There are two great balconies here. Everything on the side of the mountain and down below on the streets is visible from them. Dozens of dogs, all barking and howling and I can hear two different roosters, one with a textbook call, the other one very soft and sad. Cats are wandering around everywhere. The colors of the houses and buildings -dark, dirty, an industrial feeling with greens, grays, browns, and dull reds mixed in. The smells of meats and soups being brewed, and sanitation sitting in sewers and drains.
The rain is drizzling down on the grimy streets. A great temple sits on the mountainside. It looks close, but I am told that it is very far. In a small storefront shop six men celebrate with wine and beer. One of them imitates a young rock and roll star with his narrow hips moving back and forth and he smiles wide to show all gums. He bows and then shakes my hand and offers me cigarettes and a cup of beer.
Down the road, the odor from a small Japanese restaurant stops me dead in my tracks -the kind of smell you wish you could take a picture of for record’s sake. On the front door is an old black and white photo of a kung-fu master holding a speared weapon in one hand and a cigarette on a long wooden holder in the other.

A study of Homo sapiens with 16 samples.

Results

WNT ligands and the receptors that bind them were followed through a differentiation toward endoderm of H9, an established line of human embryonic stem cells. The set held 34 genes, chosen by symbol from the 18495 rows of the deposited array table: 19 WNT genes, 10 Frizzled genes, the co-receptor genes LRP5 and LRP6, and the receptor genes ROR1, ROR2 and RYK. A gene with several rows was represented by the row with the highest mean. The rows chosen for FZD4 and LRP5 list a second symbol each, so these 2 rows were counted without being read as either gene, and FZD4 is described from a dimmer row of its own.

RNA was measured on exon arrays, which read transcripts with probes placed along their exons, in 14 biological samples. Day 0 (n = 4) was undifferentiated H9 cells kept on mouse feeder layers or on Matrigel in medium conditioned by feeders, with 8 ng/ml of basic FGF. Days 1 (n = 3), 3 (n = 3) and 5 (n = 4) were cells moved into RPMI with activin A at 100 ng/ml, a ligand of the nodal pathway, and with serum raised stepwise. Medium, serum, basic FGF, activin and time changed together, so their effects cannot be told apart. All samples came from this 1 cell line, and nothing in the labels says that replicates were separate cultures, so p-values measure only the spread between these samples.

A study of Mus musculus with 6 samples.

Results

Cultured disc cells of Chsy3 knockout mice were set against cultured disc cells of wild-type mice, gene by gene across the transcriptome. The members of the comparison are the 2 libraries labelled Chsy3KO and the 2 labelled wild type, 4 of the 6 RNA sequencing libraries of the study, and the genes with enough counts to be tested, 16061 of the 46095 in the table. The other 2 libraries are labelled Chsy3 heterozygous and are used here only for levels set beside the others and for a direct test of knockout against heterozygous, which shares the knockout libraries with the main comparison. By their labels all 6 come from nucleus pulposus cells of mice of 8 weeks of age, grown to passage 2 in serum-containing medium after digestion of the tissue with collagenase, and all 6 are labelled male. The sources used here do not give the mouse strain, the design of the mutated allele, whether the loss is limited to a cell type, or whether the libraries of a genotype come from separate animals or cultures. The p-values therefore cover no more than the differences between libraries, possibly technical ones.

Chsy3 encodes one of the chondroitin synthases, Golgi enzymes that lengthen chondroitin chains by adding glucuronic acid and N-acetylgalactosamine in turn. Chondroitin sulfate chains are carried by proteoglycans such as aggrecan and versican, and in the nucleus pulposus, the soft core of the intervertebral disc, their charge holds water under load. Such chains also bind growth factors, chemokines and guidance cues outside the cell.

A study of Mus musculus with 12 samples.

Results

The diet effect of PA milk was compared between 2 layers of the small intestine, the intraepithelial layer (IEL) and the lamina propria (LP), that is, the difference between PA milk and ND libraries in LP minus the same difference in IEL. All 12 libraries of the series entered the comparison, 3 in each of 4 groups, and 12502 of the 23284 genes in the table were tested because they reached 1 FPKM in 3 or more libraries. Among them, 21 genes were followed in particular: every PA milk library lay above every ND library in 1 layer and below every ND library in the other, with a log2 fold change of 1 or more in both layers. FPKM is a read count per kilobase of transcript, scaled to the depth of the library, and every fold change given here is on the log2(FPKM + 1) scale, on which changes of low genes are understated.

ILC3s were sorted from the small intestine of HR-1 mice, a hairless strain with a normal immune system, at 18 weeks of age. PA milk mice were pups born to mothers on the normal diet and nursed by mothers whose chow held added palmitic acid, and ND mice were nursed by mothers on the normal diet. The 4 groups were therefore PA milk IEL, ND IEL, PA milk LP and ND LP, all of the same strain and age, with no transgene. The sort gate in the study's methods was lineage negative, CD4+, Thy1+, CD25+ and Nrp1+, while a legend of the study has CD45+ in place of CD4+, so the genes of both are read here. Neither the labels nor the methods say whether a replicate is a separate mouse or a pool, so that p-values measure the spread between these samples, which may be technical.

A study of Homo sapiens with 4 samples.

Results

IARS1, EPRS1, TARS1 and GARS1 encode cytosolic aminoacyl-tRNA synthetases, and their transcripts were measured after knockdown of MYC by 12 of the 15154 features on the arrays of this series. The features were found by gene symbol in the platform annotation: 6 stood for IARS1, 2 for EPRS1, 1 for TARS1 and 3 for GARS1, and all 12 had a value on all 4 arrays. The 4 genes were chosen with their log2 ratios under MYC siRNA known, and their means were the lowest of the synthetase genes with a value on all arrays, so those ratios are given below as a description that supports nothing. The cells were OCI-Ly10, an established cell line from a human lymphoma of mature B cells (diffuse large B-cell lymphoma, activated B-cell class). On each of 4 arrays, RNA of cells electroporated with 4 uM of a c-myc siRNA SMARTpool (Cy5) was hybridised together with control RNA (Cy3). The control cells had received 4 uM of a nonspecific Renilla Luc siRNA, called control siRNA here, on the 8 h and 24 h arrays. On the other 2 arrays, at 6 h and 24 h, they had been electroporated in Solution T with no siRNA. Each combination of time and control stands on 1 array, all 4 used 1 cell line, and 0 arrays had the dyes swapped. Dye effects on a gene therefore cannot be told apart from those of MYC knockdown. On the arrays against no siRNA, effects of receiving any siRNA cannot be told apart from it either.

Dogs are everywhere, in small packs, very busy and genuinely involved in their various projects. Jogging past about seven dogs of different sizes and colors and to them I do not exist. I say something in English to one of them, it startles her and she barks in Chinese and runs back about fifteen feet to safety.
An old man is doing Tai Chi exercises on a small bridge. He is waving his arms and he spots me jogging. I am huffing and puffing by now, and I can tell that he thinks I am quite insane. Further up the mountain side, another old man resting on large rock holding a hand carved walking stick. The same pack of dogs runs up the road, past me and overtakes him. His stoic expression does not change as they run past and around him, but he starts waving and then banging his walking stick on the ground in a kind of warning to the dogs, who take it just as that and stand clear of him.
The rain has long since stopped, but the air is still rich with water. The sun dogs bark and run back down the road. The gates to the great temple are locked and it looks as if it is empty. I feel someone standing behind me and I turn to see. There is no one. I start jogging back down the winding mountain road. The rain begins lightly again, so I pick up my pace to see if I can beat it back home.